Donald Trump’s victory should not be seen as a rejection of the political establishment or the economic elites. Rather, the narrative should be that the institutions that for years had widespread credibility– print media, academia, NGOs, policy think tanks – were ignored and rejected by the public.
In 2016, scores of prominent political scientists, including many professors here at Georgetown, denounced the Republican nominee’s rhetoric. 790 economists, many of whom won the Nobel Prize, declared that Mr. Trump had a “deep ignorance of economics and an inability to listen to credible experts.” He was dismissed as deeply ignorant of world affairs by key members of the Republican national security apparatus, rejected by 70 Nobel Laureates, accused of airing an anti-Semitic closing advertisement by the Anti-Defamation league, received the endorsement of only three percent of newspapers and not a single former president, and was summarily dismissed by Stephen Hawking as a “demagogue that appealed to the lowest common denominator.” One could go on about the institutions and people that warned against Trump’s ascension – the Southern Poverty Law Center’s consistent coverage of hate groups that flocked to the president-elect’s campaign comes to mind – but perhaps it is best to leave it at this loosely constructed sampling.
The electorate did not listen to the institutions that deserve – to varying degrees – legitimacy in our society. This should be the narrative: the electorate did not listen.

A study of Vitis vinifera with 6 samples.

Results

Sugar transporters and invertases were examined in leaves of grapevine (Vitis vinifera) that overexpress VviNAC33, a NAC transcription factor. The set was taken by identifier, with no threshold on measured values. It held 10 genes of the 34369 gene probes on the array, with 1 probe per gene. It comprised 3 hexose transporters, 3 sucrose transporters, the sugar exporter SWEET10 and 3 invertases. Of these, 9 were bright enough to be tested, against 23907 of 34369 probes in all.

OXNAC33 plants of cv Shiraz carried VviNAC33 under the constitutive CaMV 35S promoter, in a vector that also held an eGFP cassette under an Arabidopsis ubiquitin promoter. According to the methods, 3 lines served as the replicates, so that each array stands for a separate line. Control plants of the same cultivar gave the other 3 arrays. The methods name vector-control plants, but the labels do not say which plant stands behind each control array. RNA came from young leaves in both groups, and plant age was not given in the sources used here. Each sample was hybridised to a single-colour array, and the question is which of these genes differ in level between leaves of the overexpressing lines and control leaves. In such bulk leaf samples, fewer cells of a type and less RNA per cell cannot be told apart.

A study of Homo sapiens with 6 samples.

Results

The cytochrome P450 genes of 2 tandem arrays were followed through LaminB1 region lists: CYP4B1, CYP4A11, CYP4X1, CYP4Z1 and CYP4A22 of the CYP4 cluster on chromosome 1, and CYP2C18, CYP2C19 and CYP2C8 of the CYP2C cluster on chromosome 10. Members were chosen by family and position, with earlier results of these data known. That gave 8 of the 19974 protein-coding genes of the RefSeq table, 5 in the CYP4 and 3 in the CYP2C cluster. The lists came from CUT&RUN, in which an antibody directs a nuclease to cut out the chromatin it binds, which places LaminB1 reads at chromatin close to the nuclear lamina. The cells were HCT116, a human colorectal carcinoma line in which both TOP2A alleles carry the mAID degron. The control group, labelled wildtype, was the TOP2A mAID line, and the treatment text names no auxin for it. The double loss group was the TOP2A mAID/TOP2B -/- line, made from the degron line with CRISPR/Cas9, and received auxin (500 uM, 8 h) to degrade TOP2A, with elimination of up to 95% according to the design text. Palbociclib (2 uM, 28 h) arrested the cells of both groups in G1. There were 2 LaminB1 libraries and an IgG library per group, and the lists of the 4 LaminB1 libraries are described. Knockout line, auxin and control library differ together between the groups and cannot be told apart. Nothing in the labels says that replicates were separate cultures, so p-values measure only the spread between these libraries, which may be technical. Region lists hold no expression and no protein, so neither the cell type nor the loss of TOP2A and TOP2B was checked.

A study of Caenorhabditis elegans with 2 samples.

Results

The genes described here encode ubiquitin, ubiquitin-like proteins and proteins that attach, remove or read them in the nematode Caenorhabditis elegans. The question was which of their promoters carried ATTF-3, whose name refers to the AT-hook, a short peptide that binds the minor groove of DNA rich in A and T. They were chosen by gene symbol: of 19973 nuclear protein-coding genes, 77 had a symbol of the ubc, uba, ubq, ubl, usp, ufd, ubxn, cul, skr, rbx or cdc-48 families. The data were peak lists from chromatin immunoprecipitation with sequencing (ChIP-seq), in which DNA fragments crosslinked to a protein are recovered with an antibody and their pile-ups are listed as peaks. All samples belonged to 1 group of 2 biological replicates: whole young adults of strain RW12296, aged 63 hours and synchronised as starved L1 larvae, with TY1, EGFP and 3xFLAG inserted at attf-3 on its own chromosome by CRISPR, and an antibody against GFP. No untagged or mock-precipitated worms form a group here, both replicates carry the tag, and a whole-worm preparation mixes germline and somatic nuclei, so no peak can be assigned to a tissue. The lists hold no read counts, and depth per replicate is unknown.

The voices and institutions that should matter most were crowded out by voices that spoke with great bluster but without profound insight. In this election cycle, journalists have been alarmed by the staggering amount of misinformation that has dominated the news, particularly on social media. Fringe websites publishing false information about the election drove many Republicans to vote for Donald Trump, revealing the power of confirmation bias.
Facebook, for example, has come under fire for facilitating the spread of fake news. Zeynep Tufekci, a professor at the University of Carolina, recently discussed a fake story claiming Pope Francis endorsed Trump that spread across Facebook like wildfire and was viewed by millions. One does not have to think that Mrs. Clinton was a better choice than Donald Trump to know that a poll showing that 40% of Trump supporters in Florida thought Hillary Clinton was an actual demon is disturbing. Those Floridians likely thought Clinton was a demon because Alex Jones, a host of a popular Alt Right pseudo-news show, said he had evidence that proved that the Democratic nominee and President Obama were possessed. Of course, Trump alone was not the sole beneficiary of “fake news.” A widely popular meme circulated the internet that erroneously claimed Trump said Republicans are “the dumbest” voters.
Voters elected a man that so many credible institutions in our society thought was an unacceptable choice. In future elections, there needs to be a space reserved for institutions and people with a certain level of legitimacy and insight to better voice their concerns. There must also be an electorate willing to listen. A world where we can manufacture facts and live in our own bubbles of truth is a world destined for disaster.